ALBANY, N.Y. (NEWS10) — New legislation is being reviewed by the Albany County Legislature that would fine drivers who fail to stop for school buses that deploy a stop-arm while picking up or dropping off students.
The local law, which is set to be discussed in committee this week, would involve Albany County Executive Dan McCoy entering into agreements with school districts to install, use, and maintain school bus photo violation monitoring systems.
“This law will add another layer of protection for children when the school bus is stopped for loading and unloading with its red lights flashing and stop-arms extended. The ability to capture violators with camera systems and levy significant fines upon them will hopefully finally get drivers to take seriously the need to stop when buses are loading and unloading students regardless of the inconvenience it may cause the driver,” said Albany County Legislator Matthew Miller, who co-sponsored the bill, adding this is an issue that is personal to him. “As a teacher for nearly 30 years, the health and safety of school children has always been a paramount concern for me. As a County Legislator, the opportunity now exists to act upon those concerns and to protect our children from aggressive, impatient or distracted drivers through Local Law C.”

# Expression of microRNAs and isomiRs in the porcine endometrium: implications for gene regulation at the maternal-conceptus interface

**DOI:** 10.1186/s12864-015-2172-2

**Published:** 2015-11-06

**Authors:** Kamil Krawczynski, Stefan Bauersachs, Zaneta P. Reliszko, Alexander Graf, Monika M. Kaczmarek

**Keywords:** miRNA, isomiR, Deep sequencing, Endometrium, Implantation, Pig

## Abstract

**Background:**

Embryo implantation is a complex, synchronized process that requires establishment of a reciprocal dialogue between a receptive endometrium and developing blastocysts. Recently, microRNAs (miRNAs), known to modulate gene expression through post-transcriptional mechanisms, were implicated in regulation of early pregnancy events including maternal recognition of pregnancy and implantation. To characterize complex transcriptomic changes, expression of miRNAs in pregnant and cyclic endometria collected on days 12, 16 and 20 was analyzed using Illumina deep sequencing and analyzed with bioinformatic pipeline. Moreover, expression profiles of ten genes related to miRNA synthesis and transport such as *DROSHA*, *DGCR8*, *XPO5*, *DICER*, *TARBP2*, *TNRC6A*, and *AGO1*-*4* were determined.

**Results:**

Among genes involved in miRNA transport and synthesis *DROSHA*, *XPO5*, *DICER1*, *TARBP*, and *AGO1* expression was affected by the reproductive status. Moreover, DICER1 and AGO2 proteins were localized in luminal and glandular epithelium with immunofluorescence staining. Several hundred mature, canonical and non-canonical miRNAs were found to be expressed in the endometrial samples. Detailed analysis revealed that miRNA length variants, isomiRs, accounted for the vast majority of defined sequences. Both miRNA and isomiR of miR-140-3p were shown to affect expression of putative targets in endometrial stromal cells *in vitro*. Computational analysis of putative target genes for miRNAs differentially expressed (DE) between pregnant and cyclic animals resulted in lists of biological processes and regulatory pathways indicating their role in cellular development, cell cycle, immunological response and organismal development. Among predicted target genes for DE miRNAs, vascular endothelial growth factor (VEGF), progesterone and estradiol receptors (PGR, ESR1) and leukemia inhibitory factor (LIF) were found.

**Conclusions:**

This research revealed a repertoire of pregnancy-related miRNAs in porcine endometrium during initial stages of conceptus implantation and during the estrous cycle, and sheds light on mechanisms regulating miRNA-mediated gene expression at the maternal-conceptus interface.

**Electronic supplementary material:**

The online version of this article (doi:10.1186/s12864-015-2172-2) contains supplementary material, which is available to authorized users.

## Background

Before state legislation was put in place in 2019 that allowed monitoring systems to fine drivers who ignored stopped school buses, drivers had to be caught in the act by police in order for a ticket to be written. Since then, jurisdictions across the country have put in place similar legislation due to a growing number of concerns regarding the number of violations that have been taking place.
The New York State Department of Motor Vehicles reports the following statistics related to these incidents:
- An estimated 50,000 motor vehicles illegally pass New York State school buses every day
- During Operation Safe Stop in 2018, 2,191 police officers from 43 law enforcement agencies participated in the enforcement campaign
- Combined efforts produced 838 tickets for passing stopped school buses
- 2,814 tickets were issued for other moving violations
Officials say if passed, Local Law C would use monitoring systems that could either be stationary, installed on County roads, or mobile, installed on buses operated by a school district that would be based on an agreement with the district itself.
“This legislation is a win-win for everyone involved, specifically the students who are getting on or off a school bus and who are put at risk every time a driver speeds past a school bus. Through this program we are also easing the financial burden on school districts that already have strapped budgets,” stated Lynne Lekakis, Chairwoman of the Mass Transit Committee.
The local law would also need to take into account people’s privacy including that of drivers, passengers, pedestrians, and cyclists who could be caught on camera by a school bus photo violation monitoring system which would require the County to adopt measures that protect a person’s identity.
According to officials, if caught violating the Vehicle and Traffic Law, a $250 fine could be imposed for a first offense, $275 for a second violation within 18 months of the first violation, and $300 for a third or subsequent violation. An additional penalty of $25 would be given for failure to respond to a notice of liability sent to the owner within the given time period.